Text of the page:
This week in tech history


    Microsoft introduces BASIC for 8086

    June 18, 1979

    In use at the time by over 200,000 computers with the Z80 and 8080 processors, Microsoft BASIC is introduced for the 8086 16-bit microprocessor. By being one of the first to offer a version of the BASIC programming language for a 16-bit processor and making it compatible with their 8-bit versions of BASIC, Microsoft helped move forward 16-bit computing. But perhaps more importantly, by developing for the 8086 processor, they soon formed a relationship with Seattle Computer Products, one of the first companies building computers with an 8086 processor.

    As fate would have it, in 1980 Seattle Computer Products was forced to develop an operating system for their computers because a version of the very popular CP/M operating system was delayed for the 8086. It was this 8086 operating system, which SCP called QDOS (for Quick and Dirty Operating System), that Microsoft soon bought the rights for and licensed to IBM for their new PC. And Microsoft thus began their transformation from a simple software development company in the early history of personal computing to one of the most dominant technology companies in history.


    First stored program run

    June 21, 1948

    The first program on the world’s first stored-program computer, the Manchester Small-Scale Experimental Machine (SSEM) is run. This first program was designed to test the computer’s reliability and ran for 52 minutes performing 3.5 million operations.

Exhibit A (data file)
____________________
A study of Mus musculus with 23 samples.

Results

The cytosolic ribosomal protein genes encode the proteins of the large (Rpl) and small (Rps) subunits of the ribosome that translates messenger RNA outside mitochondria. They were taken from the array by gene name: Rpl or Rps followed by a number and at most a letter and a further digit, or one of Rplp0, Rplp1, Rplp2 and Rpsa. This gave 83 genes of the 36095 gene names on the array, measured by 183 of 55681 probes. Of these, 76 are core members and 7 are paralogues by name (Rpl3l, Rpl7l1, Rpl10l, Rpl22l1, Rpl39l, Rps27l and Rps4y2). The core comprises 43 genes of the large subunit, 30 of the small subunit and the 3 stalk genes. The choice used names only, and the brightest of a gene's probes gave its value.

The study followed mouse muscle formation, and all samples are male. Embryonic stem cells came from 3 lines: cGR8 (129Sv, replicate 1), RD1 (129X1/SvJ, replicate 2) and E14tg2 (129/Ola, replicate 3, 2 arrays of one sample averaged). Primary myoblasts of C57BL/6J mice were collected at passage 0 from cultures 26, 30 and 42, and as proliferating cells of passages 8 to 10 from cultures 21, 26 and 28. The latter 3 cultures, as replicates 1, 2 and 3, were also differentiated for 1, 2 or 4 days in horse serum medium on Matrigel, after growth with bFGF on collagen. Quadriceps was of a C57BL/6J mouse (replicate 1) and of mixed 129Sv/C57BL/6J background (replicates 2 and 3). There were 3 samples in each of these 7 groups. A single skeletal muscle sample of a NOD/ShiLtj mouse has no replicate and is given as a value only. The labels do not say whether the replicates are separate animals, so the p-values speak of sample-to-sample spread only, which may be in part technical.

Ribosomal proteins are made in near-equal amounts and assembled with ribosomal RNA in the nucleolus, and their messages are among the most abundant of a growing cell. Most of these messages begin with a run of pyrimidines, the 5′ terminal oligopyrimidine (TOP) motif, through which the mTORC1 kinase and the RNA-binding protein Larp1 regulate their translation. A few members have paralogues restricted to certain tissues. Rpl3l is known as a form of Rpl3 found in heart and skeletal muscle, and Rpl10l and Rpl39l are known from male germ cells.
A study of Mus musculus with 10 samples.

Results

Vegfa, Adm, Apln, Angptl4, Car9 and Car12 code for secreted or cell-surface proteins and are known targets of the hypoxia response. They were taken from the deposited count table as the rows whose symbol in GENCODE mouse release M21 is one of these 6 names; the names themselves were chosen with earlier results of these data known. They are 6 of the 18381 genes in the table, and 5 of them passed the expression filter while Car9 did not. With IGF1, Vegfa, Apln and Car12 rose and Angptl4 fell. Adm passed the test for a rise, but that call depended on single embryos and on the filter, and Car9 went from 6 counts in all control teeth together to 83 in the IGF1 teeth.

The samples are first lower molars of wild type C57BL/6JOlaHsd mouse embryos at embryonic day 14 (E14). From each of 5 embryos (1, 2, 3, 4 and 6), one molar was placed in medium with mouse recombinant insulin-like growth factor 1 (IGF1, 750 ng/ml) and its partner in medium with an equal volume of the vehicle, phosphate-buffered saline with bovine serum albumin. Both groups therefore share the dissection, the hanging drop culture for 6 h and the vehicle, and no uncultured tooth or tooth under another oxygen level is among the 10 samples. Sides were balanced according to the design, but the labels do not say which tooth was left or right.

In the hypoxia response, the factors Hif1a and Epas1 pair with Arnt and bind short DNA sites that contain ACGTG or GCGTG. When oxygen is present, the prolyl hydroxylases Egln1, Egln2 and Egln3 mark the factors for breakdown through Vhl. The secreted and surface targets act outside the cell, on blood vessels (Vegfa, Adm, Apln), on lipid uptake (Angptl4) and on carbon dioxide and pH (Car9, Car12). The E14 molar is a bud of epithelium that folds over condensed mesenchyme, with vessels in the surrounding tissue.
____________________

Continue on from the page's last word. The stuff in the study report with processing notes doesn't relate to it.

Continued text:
SpaceShipOne - First private space flight
    June 21, 2004

    Financed by Microsoft co-founder Paul Allen, SpaceShipOne becomes the first spacecraft developed by the free market to enter spaceflight. Launched from a mothership named White Knight, SpaceShipOne flew just beyond the atmosphere into the threshold of space then glided back to Earth. SpaceShipOne would later win the $10 million Ansari X Prize for the first non-government organization to launch a reusable manned spacecraft.


    QWERTY typewriter patented

    June 23, 1868

    The Sholes and Glidden typewriter, the first practical and commercially successful typewriter, is patented. Perhaps most notable in the design of the Sholes and Glidden (which would later become the Remington No. 1 typewriter) is the use of the QWERTY keyboard, which is still the most popular keyboard layout in the world.


    iPhone 4 goes on sale

    June 24, 2010

    After a wild lead-up involving a prototype being lost at a bar, Apple’s iPhone 4 officially went on sale. Later the iPhone 4 would then become the subject of the Antennagate controversy. With so much attention given to the phone, it was no wonder it went on to set sales records.